Even at this late stage in the social history of alcohol, some Temperance campaigning in the 1800s can’t fail to make an impression. In particular, never did the cause against drink have a more ardent or articulate spokesman than T. De Witt Talmage (1832-1902).
One doesn’t have to agree with the postulates of the movement to understand the good faith of many of its avatars. The human travails which moved them were often very real and it is bootless to deny them.
The roots of teetotalism were complex: society was shifting from a rural to an urban base; medicine increasingly viewed alcohol as having no place in the dispensary; the womens’ suffrage movement often saw gender equality and the alcohol ban as complementary; and there was a growing consensus in many Protestant churches that alcohol was incompatible with faith-based living.
T. De Witt Talmage was a star performer in the ranks of clergy who fulminated against drinking.
This interesting personality, as his writings reveal, was a highly intelligent and committed man of the cloth, from a deeply religious family in New Jersey of the Reformed Dutch church. His ancestry was Dutch and English, of plain stock as he proudly averred, but influential in early American history. He was well-educated and studied law before completing his D.D.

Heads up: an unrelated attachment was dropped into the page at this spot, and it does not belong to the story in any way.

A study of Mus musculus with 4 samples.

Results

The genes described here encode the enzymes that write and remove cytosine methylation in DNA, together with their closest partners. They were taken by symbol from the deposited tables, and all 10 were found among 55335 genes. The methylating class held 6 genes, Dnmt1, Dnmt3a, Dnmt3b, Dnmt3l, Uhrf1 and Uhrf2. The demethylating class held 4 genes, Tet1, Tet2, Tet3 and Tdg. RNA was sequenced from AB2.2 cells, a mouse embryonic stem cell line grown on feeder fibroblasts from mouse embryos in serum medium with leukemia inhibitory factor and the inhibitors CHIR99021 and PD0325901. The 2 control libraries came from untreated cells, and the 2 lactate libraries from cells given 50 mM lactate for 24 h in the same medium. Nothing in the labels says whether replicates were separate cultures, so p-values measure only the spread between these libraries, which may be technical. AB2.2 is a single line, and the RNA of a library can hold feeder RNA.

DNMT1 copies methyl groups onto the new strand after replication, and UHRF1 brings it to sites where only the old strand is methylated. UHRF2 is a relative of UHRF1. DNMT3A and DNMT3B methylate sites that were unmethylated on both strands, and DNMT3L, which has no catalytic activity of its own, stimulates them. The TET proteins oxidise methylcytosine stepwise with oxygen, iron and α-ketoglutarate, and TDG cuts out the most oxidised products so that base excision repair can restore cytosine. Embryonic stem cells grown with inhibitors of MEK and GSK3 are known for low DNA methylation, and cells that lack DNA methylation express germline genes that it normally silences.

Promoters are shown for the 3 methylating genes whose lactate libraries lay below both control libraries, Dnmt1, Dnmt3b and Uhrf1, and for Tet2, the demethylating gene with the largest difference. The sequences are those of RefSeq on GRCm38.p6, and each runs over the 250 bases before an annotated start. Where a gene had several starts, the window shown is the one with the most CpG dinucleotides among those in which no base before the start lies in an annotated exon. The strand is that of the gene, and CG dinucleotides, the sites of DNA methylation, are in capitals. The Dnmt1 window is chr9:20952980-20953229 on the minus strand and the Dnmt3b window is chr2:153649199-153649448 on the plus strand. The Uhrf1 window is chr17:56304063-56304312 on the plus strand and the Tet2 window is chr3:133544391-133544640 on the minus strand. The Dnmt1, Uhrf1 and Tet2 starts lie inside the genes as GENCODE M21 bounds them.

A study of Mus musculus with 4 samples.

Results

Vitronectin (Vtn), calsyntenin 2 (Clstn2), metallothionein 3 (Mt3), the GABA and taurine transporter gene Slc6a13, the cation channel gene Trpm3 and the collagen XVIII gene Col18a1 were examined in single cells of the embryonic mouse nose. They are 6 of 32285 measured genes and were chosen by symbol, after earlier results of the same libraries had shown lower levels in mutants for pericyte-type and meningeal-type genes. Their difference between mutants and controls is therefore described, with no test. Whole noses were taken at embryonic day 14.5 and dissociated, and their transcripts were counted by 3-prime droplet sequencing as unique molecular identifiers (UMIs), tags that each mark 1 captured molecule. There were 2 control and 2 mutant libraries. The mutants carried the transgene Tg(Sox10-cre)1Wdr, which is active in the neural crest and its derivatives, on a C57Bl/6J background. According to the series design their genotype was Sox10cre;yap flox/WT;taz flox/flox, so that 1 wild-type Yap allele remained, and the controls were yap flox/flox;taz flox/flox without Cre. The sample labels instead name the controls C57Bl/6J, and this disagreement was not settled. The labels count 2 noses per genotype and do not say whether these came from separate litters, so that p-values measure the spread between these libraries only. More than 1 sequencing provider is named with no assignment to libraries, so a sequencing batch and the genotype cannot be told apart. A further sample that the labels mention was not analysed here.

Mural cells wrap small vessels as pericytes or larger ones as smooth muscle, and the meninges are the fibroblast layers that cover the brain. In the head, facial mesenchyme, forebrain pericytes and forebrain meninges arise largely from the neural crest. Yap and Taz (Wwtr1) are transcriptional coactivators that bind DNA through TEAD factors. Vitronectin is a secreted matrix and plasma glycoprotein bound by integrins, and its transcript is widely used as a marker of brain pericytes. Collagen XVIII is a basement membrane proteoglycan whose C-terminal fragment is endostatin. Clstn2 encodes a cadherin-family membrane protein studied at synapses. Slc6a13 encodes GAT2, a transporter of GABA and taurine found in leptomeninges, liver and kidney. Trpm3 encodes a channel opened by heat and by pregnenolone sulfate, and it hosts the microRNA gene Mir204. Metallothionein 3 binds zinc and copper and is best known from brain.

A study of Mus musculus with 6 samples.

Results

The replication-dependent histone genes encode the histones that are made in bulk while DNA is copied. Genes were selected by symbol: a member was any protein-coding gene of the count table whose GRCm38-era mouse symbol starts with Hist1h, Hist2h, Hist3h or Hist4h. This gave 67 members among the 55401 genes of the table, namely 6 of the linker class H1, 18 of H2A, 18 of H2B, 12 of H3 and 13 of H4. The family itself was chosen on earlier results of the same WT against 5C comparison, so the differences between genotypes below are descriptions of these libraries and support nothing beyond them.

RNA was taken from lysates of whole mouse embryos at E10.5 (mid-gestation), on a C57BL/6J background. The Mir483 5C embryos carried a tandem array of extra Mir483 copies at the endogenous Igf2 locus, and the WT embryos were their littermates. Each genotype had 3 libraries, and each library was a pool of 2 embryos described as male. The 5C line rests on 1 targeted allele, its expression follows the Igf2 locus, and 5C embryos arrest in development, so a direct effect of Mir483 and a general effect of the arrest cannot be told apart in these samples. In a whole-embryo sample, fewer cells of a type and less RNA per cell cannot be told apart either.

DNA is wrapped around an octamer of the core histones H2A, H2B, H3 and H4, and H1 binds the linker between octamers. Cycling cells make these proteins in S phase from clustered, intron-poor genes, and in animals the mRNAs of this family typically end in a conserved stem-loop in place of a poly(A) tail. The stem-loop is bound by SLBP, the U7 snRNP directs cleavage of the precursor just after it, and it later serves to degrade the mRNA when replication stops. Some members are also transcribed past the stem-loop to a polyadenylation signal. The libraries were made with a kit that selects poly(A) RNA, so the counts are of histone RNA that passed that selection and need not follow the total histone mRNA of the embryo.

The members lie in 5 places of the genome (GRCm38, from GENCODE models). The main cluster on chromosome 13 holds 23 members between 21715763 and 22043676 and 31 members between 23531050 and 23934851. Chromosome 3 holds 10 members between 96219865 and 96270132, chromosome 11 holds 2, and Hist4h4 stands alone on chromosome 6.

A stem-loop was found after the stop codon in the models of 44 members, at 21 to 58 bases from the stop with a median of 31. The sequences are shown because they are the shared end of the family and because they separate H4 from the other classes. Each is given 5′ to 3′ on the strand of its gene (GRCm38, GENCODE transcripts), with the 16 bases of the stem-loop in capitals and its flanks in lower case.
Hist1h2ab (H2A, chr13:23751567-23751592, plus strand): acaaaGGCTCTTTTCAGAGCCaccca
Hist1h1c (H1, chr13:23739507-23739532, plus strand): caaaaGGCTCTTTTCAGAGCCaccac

Talmage supported women’s rights, and spoke up for minorities in society at a time when social Darwinism was starting its malign rise or older pathologies were still full of power. He defended in particular the Jewish people from the growing persecutions in Russia, and foresaw the catastrophe Germany would visit upon the Jews. He was a supporter of renewing the ties of Jews to Palestine on biblical grounds and to palliate this risk.
Thus, Talmage was not the kind of Temperance man who was anti-Catholic or anti-Jewish. (Indeed he was remarked in his day for reaching out to both these faiths). He was a deeper thinker than that, whose rejection of drinking was based on its social toll and the damage he perceived it caused to family piety and solidarity.
The animus was life-long and probably inherited from his parents. Talmage was active in Brooklyn, NY where two churches were built as a platform for his ministrations and oratorical skills. He attracted thousands to his sermons. He had a rhythmic, ringing way of preaching and was something of a showman on stage.
One of his tricks was to race from one end of the stage to another and leap in the air. Just as the adoring crowd thought he would vault into their ranks, he would crash down at the edge of the stage and cry out to youth to abjure alcohol and lead a straight life.
(One wonders if the showmanship of rock and roll didn’t come one way or another from the church).
This source contains what must be one of Talmage’s best speeches against drink where he riffs on the word crooked. It’s all crooked he says, not just moonshine liquor which doesn’t pay taxes, but all alcohol, crooked beer, crooked cognac, crooked wine, it puts man on a crooked path and leads him to certain ruin.
One needn’t share the views of Talmage on alcohol to be impressed by his commitment and energy. At a minimum, he is a reminder that alcohol has a dark side.
The solution of the Temperance crowd – a total ban – led ultimately to problems worse than they were designed to solve: organized bootlegging, associated criminalities, encouraging a disrespect for law.
Still, there can be no doubt Talmage’s heart was in the right place. We accept alcohol today on the view it can be used responsibly, but it is still salutary to read him. A lot of what he said was true and it’s a reminder to treat alcohol with respect.